A Wave of the Future? For-Profit Non-Profits

By Erdin Beshimov

Does the phrase "for-profit nonprofit" sound like an oxymoron? As the founders of the world's most visited site - Google - Larry Page and Sergey Brin don't think so.

In 2004, six years into the founding of Google, Page and Brin established the Google Foundation with $90 million.  The foundation began supporting and promoting ventures for economic development and poverty eradication in developing countries. The foundation attached particular importance to market-based, entrepreneurial, microfinance and technological solutions.  Google also dedicated funds to health research and relief, supporting the work of such organizations as the Make-a-Wish Foundation and Doctors Without Borders.  By 2006, the foundation has donated $33 million to 850 nonprofits in 10 countries for free advertising, helping them bring their missions to public attention. 

Recently, Google made the next step and established a philanthropic organization named Google.org, endowed it with $1 billion to combat poverty, disease and global warming.  This organization, however, will not be a charity in the traditional sense of the word.  Unlike the majority of existing philanthropic foundations, Google.org will be a for-profit non-for-profit.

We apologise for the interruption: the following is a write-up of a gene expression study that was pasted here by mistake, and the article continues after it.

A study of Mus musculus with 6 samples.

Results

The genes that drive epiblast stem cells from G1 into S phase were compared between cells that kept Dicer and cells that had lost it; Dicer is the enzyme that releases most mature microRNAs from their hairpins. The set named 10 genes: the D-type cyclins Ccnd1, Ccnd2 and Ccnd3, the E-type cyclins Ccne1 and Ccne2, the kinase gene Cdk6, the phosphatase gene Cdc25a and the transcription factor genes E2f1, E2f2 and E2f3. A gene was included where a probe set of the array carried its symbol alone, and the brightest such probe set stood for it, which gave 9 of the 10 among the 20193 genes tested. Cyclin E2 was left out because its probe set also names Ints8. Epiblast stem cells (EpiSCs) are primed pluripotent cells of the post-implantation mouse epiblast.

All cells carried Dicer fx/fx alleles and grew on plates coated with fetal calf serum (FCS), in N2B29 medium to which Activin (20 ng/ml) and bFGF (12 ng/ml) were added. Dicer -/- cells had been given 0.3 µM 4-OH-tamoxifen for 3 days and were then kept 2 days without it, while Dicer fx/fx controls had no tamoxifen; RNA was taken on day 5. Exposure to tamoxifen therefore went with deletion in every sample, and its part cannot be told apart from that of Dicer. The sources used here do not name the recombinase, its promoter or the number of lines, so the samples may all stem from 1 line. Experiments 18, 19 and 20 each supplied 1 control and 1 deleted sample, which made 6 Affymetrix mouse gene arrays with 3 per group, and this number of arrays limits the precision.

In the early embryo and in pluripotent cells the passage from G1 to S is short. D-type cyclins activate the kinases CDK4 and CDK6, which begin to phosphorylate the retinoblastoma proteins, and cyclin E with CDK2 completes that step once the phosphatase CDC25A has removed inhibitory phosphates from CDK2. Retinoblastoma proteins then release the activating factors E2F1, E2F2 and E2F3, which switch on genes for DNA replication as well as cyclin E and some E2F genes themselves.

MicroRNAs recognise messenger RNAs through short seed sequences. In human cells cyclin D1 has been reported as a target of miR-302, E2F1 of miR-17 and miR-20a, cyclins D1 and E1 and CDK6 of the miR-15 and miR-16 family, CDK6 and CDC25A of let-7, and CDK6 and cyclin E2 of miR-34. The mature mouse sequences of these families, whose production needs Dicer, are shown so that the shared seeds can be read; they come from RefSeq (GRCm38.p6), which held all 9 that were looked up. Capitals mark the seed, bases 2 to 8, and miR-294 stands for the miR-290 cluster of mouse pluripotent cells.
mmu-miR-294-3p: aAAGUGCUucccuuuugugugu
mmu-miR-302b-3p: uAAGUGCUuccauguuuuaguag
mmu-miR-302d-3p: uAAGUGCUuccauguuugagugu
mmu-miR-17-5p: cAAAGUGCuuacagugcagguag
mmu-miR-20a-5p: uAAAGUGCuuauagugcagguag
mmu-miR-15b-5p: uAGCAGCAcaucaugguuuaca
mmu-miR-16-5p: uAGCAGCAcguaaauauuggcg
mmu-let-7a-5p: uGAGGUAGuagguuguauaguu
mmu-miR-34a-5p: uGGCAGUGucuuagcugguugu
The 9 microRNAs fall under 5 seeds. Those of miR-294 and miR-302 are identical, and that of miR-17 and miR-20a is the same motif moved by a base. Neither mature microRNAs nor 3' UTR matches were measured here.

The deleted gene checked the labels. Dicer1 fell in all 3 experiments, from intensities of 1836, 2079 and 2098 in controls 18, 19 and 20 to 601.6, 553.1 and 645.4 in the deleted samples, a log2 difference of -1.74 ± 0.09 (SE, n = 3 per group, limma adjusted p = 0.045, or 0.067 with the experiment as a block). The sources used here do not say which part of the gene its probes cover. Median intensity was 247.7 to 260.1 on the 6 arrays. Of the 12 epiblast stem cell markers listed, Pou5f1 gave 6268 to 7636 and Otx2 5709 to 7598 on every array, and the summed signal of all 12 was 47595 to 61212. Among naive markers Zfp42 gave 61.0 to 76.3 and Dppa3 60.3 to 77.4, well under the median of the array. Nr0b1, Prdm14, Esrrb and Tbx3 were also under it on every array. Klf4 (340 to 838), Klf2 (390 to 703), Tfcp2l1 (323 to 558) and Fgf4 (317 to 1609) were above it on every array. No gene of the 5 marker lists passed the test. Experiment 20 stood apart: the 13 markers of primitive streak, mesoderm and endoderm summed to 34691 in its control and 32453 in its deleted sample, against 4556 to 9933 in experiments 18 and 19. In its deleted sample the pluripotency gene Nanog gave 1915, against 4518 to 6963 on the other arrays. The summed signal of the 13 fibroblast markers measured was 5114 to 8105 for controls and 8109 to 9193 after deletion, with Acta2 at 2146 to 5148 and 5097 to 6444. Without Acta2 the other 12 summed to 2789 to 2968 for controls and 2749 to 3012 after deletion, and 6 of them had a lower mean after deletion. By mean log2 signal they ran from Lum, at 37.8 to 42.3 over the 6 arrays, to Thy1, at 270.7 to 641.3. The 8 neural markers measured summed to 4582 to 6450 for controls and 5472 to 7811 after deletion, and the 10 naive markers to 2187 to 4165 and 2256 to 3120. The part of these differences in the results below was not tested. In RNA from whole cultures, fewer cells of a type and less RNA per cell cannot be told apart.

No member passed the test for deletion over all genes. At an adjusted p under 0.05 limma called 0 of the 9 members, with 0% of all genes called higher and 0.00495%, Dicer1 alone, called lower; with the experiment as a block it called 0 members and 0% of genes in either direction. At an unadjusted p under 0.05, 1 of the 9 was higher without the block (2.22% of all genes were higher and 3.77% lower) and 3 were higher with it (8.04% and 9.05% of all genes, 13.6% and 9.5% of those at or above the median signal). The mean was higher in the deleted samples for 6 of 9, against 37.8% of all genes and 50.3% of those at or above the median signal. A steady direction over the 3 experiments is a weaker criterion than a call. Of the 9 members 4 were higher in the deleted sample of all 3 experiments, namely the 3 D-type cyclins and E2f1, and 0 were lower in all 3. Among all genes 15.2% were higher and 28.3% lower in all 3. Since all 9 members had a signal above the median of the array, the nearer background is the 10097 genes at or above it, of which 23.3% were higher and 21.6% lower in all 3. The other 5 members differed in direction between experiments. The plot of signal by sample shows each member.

What is the rationale for this unusual structure?

Google founders believe that the organization's for-profit status will allow Google.org to do something that traditional nonprofits cannot: make profits, fund start-up companies, partner with venture capitalists and lobby Congress.  It will also have to do something that other nonprofits do not - pay taxes.    

Page and Brin also believe that the for-profit status will give Google.org additional flexibility and competitiveness.    

Dr. Brilliant, the new executive director at the helm of Google.org, draws a parallel between the traditional structures of corporate foundations to a musician limited to playing only the high register of the piano.  "Google.org can play on the entire keyboard.  It can start companies, build industries, pay consultants, lobby, give money to individuals and make profit."  Quite importantly, if Google.org returns a profit, the profit will stay with Google.org and will not be used to fund other Google activities. 

A novel move, isn't it?  Page and Brin hope that "someday this institution may eclipse Google itself in terms of overall world impact by ambitiously applying innovation and significant resources to the world's problems."